When selecting a maid, think of the reasons why do you need one (e.g. for infant care, childcare, eldercare or general household chores). Once you have a clear mindset on that, look for a suitable maid who fits your needs. But be realistic – you may never be able to find a maid who can do everything you ask of her.
Tell your EA what are your priorities. You should ask to personally speak to and, if possible, meet up with the maid whom your EA recommends. If she is overseas, ask your EA to set up a web or telephone interview.
Read her biodata thoroughly. Ask the EA on the steps they have taken to make sure the biodata is accurate. Remember to ask your EA for any employment history she has in Singapore.
Caring for Infant and Children
- Can communicate with you in a language of your choice, able to understand your instructions and communicate with your children.
- Preferably has experience in taking care of an infant or young child.
Caring for Elderly or Physically Challenged
- Able to speak the same language as the person who needs care.
- Physically strong if the family member needs help to move around.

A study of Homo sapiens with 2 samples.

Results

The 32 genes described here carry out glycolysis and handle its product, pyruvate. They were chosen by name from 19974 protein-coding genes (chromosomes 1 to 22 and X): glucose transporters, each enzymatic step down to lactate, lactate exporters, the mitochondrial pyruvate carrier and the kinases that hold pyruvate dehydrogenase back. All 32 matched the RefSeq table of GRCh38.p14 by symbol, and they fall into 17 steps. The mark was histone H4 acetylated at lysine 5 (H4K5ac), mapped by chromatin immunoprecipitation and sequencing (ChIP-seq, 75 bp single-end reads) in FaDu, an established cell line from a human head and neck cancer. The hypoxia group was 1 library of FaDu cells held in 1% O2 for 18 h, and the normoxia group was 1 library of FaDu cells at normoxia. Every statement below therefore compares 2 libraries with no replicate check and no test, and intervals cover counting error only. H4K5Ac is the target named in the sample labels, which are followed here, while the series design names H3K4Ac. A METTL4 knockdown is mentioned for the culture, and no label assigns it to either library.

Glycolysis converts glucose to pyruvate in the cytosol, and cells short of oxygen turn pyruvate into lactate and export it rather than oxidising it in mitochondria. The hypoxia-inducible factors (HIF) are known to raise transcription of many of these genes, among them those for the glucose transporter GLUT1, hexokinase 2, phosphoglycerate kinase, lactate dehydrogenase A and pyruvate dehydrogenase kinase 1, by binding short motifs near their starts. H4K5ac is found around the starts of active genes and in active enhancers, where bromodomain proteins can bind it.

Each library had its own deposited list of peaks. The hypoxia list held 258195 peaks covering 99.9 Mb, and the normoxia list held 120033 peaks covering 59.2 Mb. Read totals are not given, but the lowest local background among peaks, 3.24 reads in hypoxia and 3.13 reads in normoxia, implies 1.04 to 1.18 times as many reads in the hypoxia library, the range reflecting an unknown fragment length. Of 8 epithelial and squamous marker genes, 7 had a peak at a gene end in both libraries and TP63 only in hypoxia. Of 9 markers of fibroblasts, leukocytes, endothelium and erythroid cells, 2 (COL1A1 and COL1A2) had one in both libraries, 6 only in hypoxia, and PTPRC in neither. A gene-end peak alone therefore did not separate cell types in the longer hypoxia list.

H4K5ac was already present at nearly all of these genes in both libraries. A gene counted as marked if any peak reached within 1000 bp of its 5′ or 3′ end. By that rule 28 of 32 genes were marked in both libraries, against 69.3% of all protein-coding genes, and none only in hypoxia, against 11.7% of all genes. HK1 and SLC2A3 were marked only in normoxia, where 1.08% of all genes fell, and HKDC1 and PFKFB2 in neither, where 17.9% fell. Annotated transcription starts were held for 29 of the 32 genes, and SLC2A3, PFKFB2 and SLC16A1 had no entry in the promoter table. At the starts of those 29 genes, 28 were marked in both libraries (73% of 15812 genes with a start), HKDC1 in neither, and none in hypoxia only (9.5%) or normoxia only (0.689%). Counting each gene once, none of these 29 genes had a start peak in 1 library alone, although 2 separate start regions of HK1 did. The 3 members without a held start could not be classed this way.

- Has experience in taking care of someone in a similar condition. For example, if you have a wheelchair-bound family member, the maid with such caregiving experience will be more familiar in helping them to move around.
- Can communicate with you in a language of your choice, in order to understand your instructions.
Keeping Your Maid Safe
All first-time maids must attend a one-day Settling-In Programme (SIP). The course covers her work permit conditions, her rights and responsibilities and the risks of working at heights. Every maid is also required to practice cleaning windows and hanging laundry safely and assessed by the trainer via a ‘Trainer’s Observation Checklist’, which highlights areas where the maid may require closer supervision and additional training from her employer. The Checklist is given to the maid to hand it to her employer.
Although training is set up to stimulate a typical Singaporean home as far as possible, employers should know that every home environment is different. You have to do your part to coach and make sure that your maid continues to practice the workplace safety tips that they have learnt from this course. Employers must supervise her and make sure that she does not put herself in any situation that may endanger her life.
If you hired a maid through an employment agency, your agency should have prepared a safety agreement to be signed by you and your maid, as required by law. It serves as a check that you and your maid understand the safety measures to be taken if you need your maid to clean the window exterior and that you have received safely-related materials issued by MOM through the SIP.